Local History

Creevy, Ballyshannon & Rossnowlagh – Donegal steeped in History & Heritage

A unique Irish vacation experience!

This rural coastal area, Creevy is steeped in history lying halfway between Rossnowlagh Creevy Pier Ballyshannon Co Donegal
“The Heavenly Cove” and Ballyshannon.  Creevy, or Craobhach, means a branchy place or an area covered with branches and we learn from the first Inquisition that there were two divisions of Creevy, one belonging to the monks and named Creevymonach and the other called Creevydartan as a pasture for heifers.  Creevy shows signs of early habitation and have a coastline that would been easily accessible to our ancestors.

In Creevy, there were two ring barrows which are assumed to have been burial sites, there are three cashels and are traces of five ring forts one which is marked Crawford’s fort on OS maps. Creevy Pier was known as Bunatruhan, which means bottom or mouth of the little stream which was built during the Famine period in 1847.

This area provides a unique opportunity for visitors with various preferences to mix their holiday activities, enjoy a full social life and live in the lap of luxury.  Enjoy top class walks, both short routes, e.g. the Creevy Coastal Walk – a coastal walk 10 miles in length running from nearby Rossnowlagh through Creevy to the mouth of the Erne Estuary and convenient long distance walks such as the Blue Stack Way and The Gaeltacht Way.

Numerous archaeological and historical sites of significance abound in the locality, including the Kilbarron 6th Century Church of St. Barron, kinsman of St. Colmcille, after which this parish of Kilbarron is named.  Recently a prehistoric Sand Cemetery dating back to 4000 BC was discovered adjacent to the Shore Walk.  Nearby are the ruins of the Wardtown Castle, home of speaker Connolly of the House of Commons. Wardtown Castle, Creevy, Ballyshannon

The most famous of this clan was Michael O’Cleary born 1575-died 1643, the learned Franciscan Lay Brother who was chief of the Four Masters and oversaw the compilations of the Annals of the Four Masters, a chronicle of Irish history dating way back in 2958 BC, 40 years before the flood, and ending AD 1616 with the death of Hugh O’Neill.  Kilbarron castle This Chief of the four Masters (christened Thady) was born at Kilbarron Castle, (his mother was Hanora McNulty) the strategic O’Cleary Fort on the shore beyond Creevy Pier, accessible from the shore walk towards Rossnowlagh.  With his assistants these Master scribes compiled this magnificent history between 1632 and 1636 and dedicated it to their patron, Fergal O’Garra, prince of Coolavin.  Exactly where they wrote it is uncertain, claims have been made of various locations including Lough Eske and Killymard near Donegal and Mullin-aleck on the road to Kinlough, Co Leitrim.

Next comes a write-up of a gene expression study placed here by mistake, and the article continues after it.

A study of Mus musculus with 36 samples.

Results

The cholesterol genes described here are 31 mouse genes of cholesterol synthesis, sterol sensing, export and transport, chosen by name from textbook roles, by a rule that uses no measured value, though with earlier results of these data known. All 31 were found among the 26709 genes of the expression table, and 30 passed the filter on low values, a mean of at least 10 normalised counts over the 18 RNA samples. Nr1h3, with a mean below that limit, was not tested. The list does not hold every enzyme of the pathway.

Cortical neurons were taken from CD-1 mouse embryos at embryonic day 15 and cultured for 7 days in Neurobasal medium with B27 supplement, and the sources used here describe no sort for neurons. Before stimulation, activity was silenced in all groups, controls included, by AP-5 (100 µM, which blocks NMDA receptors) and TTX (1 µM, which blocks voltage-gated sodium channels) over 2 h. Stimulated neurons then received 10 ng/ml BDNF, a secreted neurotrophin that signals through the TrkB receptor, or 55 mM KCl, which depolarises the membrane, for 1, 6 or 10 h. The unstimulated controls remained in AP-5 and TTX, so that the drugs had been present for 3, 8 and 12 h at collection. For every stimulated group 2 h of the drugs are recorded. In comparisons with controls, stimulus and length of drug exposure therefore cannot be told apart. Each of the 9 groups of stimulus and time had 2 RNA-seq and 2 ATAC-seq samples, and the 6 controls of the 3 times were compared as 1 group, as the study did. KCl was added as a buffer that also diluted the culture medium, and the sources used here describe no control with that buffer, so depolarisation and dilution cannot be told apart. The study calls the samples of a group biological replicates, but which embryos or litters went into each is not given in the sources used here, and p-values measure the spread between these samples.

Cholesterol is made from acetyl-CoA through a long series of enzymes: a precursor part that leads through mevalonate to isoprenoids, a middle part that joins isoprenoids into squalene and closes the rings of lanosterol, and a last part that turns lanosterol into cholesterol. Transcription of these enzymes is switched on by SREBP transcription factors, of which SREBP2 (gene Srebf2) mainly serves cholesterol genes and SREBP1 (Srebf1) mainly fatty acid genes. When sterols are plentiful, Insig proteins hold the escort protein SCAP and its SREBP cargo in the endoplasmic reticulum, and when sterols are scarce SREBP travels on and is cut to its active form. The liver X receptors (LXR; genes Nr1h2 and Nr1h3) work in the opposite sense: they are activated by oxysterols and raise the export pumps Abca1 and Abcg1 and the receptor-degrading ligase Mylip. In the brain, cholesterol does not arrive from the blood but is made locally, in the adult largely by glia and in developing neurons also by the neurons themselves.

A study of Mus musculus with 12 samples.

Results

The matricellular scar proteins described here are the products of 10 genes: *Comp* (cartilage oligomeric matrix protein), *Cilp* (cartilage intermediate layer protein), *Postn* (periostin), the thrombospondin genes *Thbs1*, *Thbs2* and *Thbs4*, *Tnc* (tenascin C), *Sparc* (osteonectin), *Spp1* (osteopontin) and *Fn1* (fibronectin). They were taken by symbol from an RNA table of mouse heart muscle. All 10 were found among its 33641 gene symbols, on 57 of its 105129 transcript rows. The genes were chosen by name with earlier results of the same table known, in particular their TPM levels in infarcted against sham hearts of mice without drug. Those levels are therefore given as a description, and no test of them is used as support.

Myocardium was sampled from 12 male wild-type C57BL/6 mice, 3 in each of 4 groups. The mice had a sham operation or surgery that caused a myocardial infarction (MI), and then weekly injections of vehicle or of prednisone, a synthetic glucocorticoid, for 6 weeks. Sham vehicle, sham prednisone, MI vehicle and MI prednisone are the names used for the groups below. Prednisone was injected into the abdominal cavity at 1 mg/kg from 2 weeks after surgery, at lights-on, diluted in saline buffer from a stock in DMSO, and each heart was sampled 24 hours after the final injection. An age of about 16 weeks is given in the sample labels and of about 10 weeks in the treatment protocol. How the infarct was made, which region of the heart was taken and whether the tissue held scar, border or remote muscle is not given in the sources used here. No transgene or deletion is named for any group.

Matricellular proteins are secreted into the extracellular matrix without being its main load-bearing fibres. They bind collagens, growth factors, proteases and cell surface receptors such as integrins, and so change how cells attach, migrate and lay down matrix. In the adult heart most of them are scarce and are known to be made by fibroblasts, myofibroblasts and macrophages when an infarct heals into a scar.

They are commemorated by a monument/obelisk in The Diamond, Donegal town.  Again only the ruins of the Franciscan Abbey to which these brothers belonged, remain, near the Quay in Donegal,   Donegal Abbey was founded by Nuala, mother of red Hugh O’Donnell and was destroyed by a gunpowder explosion in 1601.  The annals, a 37 volume work covers over 16 centuries of Plagues, Battles, Invasion, Saints and Scholars.  The Roman Catholic Church in Donegal is known as St. Patrick’s Church of the Four Masters.

Adjacent to the main road just past Creevy Cross on the left as you travel from Ballyshannon are the remains of the 6th Century Church of St Barron, founder of this parish of Kilbarron, a kinsman of St Colmkille.  6th Century Church St Barron Rathlin O’Beirne Island off Glencolmcille is in the parish of Kilbarron as the result of a wager, involving St. Barron, local folklore tells us.

As you travel from Ballyshannon to Creevy on the R231, the road passes close to the remains, scant as they are, of the Cistercian Abbey of the Morning Star founded in 1178.  Apart from a few segments of wall held together by ivy only the cemetery has survived. In it with many others is the tomb of the O’Cleary’s, that Scholarly tribe who provided teachers to the O’Donnell’s, who ruled as Chieftains of Tyrconnell for 300 years.   Close by the restored Corn Mill, interpretative centre – the tea-rooms open every Sunday from April – October.

Creevy’s nearest town is Ballyshannon, which claims to be the oldest town in Ireland, where the mighty Erne system empties into the sea.   Long famous for its Salmon fishing, in the past it was a shipping port of some significance.  Ballyshannon became a borough by royal charter in 1613.  Local Poet William Allingham referred to it in song as the “the friendly place, the kindly spot”. William Allingham  Once a thriving Business Centre & shipping port, emigrant ships sailed from here in Famine times.  It boasted a brewery, distillery, tannery, coopers, etc  until a number of ships were wrecked on the bar at the mouth of the estuary.  This along with the impact of rail transport, lead to the death of the port and the subsequent decline of the town.